Michael Getler, ombudsman of the Washington Post, has a short piece today responding to my criticism of Susan Schmidt's article which appeared on July 10th.
"[I]n general," he writes, "I didn't find the criticism of this story persuasive."
Yet after reading his piece I get the impression that he agrees with at least two of my three points of criticism.
One of those three was Schmidt's claim that Wilson had reported that Iraq had tried to purchase 400 tons of uranium from Niger in 1998. In fact, the Report says it was Iran. The Post ran a correction of that error on Tuesday. And Getler says that error was "not central to the main points" of Schmidt's article -- a characterization that I think is probably a fair one.
A second point was my criticism of Schmidt's discussion of the legal implications of whether or not Wilson's wife recommended him for the mission in question -- an interpretation which comes right out of the mouths of the White House's defenders and is, I believe, demonstrably false. With respect to this, Getler writes that "there was one paragraph of speculation about the possible impact of the report on the administration's case in the [Fitzgerald] investigation that, in my view and the view of critics, should have been left out."
This sounds like at least a tacit agreement.
My third point of criticism was whether Schmidt was right to say that "contrary to Wilson's assertions and even the government's previous statements, the CIA did not tell the White House it had qualms about the reliability of the Africa intelligence that made its way into 16 fateful words in President Bush's January 2003 State of the Union address."
I think this is false since the CIA repeatedly tried to warn the White House off the 'uranium from Africa' story, though the Report alleges that they failed to do so just before the State of the Union address. The Report itself goes into great detail about how the CIA struggled to get the charge removed from the president's 'Cincinnati speech' in October 2002. Getler repeats the same facts, but sees this as confirming Schmidt.
There is one other point in Getler's piece that caught my eye.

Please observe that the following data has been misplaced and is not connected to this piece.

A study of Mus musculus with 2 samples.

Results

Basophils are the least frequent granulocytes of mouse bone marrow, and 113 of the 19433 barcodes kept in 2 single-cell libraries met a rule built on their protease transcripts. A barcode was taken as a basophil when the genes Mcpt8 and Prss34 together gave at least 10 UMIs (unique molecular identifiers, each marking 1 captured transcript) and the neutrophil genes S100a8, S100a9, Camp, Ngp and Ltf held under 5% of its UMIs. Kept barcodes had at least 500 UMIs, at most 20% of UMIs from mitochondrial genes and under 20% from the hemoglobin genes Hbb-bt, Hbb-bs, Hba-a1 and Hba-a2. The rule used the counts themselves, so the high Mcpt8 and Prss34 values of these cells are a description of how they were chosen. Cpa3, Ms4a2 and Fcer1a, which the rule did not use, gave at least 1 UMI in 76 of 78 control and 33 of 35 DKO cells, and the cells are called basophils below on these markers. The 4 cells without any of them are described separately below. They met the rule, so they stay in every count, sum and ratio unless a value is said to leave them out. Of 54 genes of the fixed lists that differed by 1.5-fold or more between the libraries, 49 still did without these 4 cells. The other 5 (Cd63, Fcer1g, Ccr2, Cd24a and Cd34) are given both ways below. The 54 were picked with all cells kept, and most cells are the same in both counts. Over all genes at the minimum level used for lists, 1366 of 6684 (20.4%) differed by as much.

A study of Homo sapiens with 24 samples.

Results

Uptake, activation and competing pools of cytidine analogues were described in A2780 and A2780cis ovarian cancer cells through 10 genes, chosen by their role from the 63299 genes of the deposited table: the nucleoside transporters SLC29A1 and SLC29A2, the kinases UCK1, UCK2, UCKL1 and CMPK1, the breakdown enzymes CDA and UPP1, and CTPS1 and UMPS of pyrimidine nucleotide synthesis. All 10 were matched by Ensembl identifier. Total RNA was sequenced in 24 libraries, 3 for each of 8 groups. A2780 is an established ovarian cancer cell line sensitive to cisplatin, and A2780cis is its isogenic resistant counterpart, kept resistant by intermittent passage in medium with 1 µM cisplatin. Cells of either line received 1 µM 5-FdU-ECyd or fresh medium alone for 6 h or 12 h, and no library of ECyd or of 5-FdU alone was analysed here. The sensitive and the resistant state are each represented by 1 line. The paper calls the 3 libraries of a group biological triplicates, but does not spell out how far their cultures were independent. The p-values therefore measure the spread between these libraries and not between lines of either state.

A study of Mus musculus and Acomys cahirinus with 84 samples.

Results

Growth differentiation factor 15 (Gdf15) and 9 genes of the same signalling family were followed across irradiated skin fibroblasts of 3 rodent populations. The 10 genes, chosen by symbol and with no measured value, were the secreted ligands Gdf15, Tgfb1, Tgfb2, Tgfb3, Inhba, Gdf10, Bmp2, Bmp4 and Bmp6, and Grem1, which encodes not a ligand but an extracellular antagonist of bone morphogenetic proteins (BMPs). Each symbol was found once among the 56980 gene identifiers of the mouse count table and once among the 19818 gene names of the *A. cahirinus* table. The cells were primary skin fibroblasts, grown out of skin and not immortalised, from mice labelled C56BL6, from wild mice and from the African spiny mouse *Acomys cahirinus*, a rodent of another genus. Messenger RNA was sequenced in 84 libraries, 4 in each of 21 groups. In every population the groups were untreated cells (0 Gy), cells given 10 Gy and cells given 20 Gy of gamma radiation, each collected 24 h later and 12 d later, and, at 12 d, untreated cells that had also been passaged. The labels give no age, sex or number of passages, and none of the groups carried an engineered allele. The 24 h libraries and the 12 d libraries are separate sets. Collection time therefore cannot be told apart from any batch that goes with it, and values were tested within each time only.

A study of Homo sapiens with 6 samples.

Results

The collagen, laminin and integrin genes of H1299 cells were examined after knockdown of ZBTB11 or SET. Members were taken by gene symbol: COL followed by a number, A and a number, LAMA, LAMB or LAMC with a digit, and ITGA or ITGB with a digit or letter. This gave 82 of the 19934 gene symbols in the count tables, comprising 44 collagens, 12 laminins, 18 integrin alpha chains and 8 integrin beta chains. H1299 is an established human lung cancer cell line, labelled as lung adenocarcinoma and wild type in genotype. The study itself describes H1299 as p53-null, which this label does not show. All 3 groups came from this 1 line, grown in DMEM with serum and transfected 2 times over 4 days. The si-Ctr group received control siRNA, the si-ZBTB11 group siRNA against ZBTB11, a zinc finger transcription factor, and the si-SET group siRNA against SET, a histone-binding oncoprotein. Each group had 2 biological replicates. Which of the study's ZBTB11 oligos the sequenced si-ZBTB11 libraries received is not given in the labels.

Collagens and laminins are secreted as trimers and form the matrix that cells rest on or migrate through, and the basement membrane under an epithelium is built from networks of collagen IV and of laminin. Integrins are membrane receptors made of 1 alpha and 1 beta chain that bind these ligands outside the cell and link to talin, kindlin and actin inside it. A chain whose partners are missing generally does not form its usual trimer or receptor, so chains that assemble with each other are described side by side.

In Wilson's letter to the Post, he took Schmidt to task for "uncritically citing the Republican-written Senate Select Committee on Intelligence report." Getler says 'no' it was "a bipartisan report."
Both of them, I think, come up a bit short on this one, but Getler more so. It is a 'bipartisan report'. But on the Wilson-Niger matter it's not unfair to identify this as a Republican document since the Democrats did not agree with the majority's conclusions on this matter. Indeed, as the Republicans themselves (specifically Sens. Roberts, Bond and Hatch) complained in their 'additional views' (p. 442) section, "Despite our hard and successful work to deliver a unanimous report ... there were two issues on which the Republicans and Democrats could not agree: 1) whether the Committee should conclude that former Ambassador Joseph Wilson's public statements were not based on knowledge he actually possessed, and 2) whether the Committee should conclude that it was the former ambassador's wife who recommended him for his trip to Niger."
And one other point -- one not directly relevant to all this back and forth about Niger and Wilson, but an example of how journalism too often works, or, rather, fails to.
In a bandwagon-type column out today in USA Today, Richard Benedetto quotes the Report thusly ...
Second, the Senate report said that Wilson "was specifically recommended for the mission by his wife, a CIA employee, contrary to what he has said publicly."
As we've noted here previously, consistently from day one until today, Plame's bosses at CIA have insisted that the idea to send Wilson was theirs, not hers -- a presumably relevant fact the committee Report fails to mention.
Still, that quotation sounds even more definitive than the Report made out. And in fact it is. Benedetto says he's quoting the Report, but he's actually quoting Schmidt.